SACRAMENTO, Calif. — California on Monday became the first state to enshrine certain rights for transgender K-12 students in state law, requiring public schools to allow those students access to whichever restroom and locker room they want.
Democratic Gov. Jerry Brown announced that he had signed AB1266, which also will allow transgender students to choose whether they want to play boys’ or girls’ sports. The new law gives students the right “to participate in sex-segregated programs, activities and facilities” based on their self-perception and regardless of their birth gender.
Supporters said it will help reduce bullying and discrimination against transgender students. It comes as the families of transgender students have been waging local battles with school districts across the country over what restrooms and locker rooms their children can use, disagreements that have sometimes landed in court.
The National Center for Lesbian Rights and the ACLU of California were among the bill’s supporters. Detractors, including some Republican lawmakers, said allowing students of one gender to use facilities intended for the other could invade the other students’ privacy.
Such fears are overblown, said Carlos Alcala, spokesman for the bill’s author, Democratic Assemblyman Tom Ammiano of San Francisco. In general, he said, transgender students are trying to blend in and are not trying to call attention to themselves.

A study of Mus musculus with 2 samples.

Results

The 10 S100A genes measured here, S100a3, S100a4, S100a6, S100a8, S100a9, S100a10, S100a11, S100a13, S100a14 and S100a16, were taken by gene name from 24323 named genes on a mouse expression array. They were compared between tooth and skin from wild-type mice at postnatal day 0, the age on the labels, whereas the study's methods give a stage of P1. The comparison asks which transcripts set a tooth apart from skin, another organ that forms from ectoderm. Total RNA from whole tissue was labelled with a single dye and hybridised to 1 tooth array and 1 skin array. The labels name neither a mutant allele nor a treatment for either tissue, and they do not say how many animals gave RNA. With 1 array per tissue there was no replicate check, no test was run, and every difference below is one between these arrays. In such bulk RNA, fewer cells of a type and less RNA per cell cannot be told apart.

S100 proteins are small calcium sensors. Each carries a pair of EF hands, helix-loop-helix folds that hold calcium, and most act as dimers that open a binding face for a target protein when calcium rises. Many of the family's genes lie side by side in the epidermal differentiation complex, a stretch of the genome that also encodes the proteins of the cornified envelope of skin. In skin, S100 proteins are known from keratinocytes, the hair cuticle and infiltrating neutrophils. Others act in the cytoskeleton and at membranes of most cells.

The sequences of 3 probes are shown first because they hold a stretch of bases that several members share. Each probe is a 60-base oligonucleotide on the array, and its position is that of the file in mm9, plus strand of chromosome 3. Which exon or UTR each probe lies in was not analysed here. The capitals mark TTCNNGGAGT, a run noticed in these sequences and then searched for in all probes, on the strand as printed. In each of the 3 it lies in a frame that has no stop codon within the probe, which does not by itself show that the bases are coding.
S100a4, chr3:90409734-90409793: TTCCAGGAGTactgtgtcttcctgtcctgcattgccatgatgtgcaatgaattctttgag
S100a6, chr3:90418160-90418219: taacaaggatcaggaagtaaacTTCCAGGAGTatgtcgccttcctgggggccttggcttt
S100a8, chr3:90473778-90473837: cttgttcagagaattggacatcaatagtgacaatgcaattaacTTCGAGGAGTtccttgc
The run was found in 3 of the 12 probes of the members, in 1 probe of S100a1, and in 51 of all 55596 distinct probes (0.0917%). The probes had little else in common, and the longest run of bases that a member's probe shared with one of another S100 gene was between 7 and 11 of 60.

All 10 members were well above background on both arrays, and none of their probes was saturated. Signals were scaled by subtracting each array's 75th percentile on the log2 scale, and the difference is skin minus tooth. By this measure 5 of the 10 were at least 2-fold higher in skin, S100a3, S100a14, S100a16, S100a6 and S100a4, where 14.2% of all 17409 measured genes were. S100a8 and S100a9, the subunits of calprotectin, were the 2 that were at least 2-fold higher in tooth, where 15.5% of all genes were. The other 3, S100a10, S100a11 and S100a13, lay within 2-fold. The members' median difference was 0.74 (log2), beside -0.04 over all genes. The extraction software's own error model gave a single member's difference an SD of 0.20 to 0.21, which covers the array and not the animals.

“They’re not interested in going into bathrooms and flaunting their physiology,” Alcala said.
He also noted that the state’s largest school district, Los Angeles Unified, has had such a policy for nearly a decade and reported no problems. San Francisco schools also have such policies, and numerous other districts signed on in support of the legislation.
“Clearly, there are some parents who are not going to like it,” Alcala said. “We are hopeful school districts will work with them so no students are put in an uncomfortable position.”
The Gay-Straight Alliance Network said two states, Massachusetts and Connecticut, have statewide policies granting the same protections, but California is the first to put them into statute and require them in all school districts.